VR Resurrects Freddie Mercury
Freddie Mercury has been my music idol for as long as I can remember. The hysteria that ensued upon realizing I would never be able to meet him, or see him perform live, is one of my most vivid childhood memories. But now, thanks to virtual reality (VR), my ten-year-old dream may be a (virtual) reality.
Last year Enosis VR and Queen partnered to create a 360-degree virtual reality video of Bohemian Rhapsody available on Google Play. “The interactive app uses 2D and 3D animations combined with motion-captured ballet dancers to immerse the viewer in the late Freddie Mercury’s ‘subconscious mind’.”
Although immersive technology has been used in the music industry for some time, it was primarily used as a marketing tool. Now, virtual reality devices are serving as a revenue stream in their own right.
The global entertainment and booking company, Live Nation, for example, announced a partnership with the VR production company NextVR. Together they plan release up to ten virtual reality concerts featuring some of the world’s top musical talent.
Live Nation is also allowing fans to “go backstage” with artists as they prepare for their performances and has partnered with Hulu to create “OnStage,” a collection of 8-10 minute long immersive experiences of musicians and their performances. The first of these videos premiered this January and starred rapper Lil Wayne.
This integration of VR and concerts is a strategic move, tapping into two high-growth industries. For one, virtual reality revenues are expected to reach $7.17 billion by the end of 2017 – and total $75 billion by 2021, according to Greenlight Insights.
Similarly, with revenue from online music streaming sites surpassing physical music sales for the first time in 2016, concerts are expected to continue being a primary source of revenue for most musicians. This is especially true since online music streaming sites like YouTube and Pandora have made consumers accustomed to accessing the latest hits without paying a dime. Live shows, on the other hand, remain in-demand despite their higher price tag.
Many music industry officials believe embedding VR into the concert experience will not detract from their popularity, however. Harrison Weiss, Director of Marketing and Business Development at Vantage, asserts: “We expect VR live events to be additive to, and not cannibalizing, industry revenues. VR can’t replace the magic of attending live events, at least not yet. So it should be about striving to provide valuable experiences to users in different ways.”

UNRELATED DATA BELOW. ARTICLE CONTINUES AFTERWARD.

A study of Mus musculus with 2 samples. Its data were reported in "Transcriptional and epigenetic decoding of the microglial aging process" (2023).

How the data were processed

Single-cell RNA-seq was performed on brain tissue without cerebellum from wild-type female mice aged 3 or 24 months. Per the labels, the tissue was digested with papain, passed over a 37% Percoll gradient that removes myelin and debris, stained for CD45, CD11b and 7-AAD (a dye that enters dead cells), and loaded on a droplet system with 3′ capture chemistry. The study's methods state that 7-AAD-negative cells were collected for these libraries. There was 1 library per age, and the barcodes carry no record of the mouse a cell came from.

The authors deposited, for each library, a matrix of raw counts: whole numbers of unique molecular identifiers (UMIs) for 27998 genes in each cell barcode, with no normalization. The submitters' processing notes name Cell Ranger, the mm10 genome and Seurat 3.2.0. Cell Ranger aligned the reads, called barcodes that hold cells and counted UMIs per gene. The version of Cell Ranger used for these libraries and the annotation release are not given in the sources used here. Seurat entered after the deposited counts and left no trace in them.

Some, however, disagree. They believe VR could upset in-person concert attendance because, not only could VR concert videos be just as immersive as the real thing, they may offer a better experience than attending in-person. After all, “with arrays of cameras that can capture 360-degree images from a number of vantage points – including on stage – a VR live concert could be an even more thrilling experience than being there in person.” The popularization of home televisions sparked similar fears — namely, that their pervasiveness would draw audiences away from theaters. Some segments of the theater industry responded, however, by offering a premium experience that viewers “can’t really create with a laptop or a huge TV screen.”
Although it is unclear whether VR stands to replace in-person concert experiences, it is evident consumers want the option of attending these venues virtually. The Consumer Technology Association (CTA) found that “the most popular suggestions from consumers interviewed for VR content include lifestyle activities such as concerts.”
Just as more effective home theater television encouraged movie theaters to up their game, so too may VR induce concert promoters and musicians to find new and innovative ways to ‘sell the scarcity’ of the in-person experience. Either way, there’s never been a better time to be a concert enthusiast.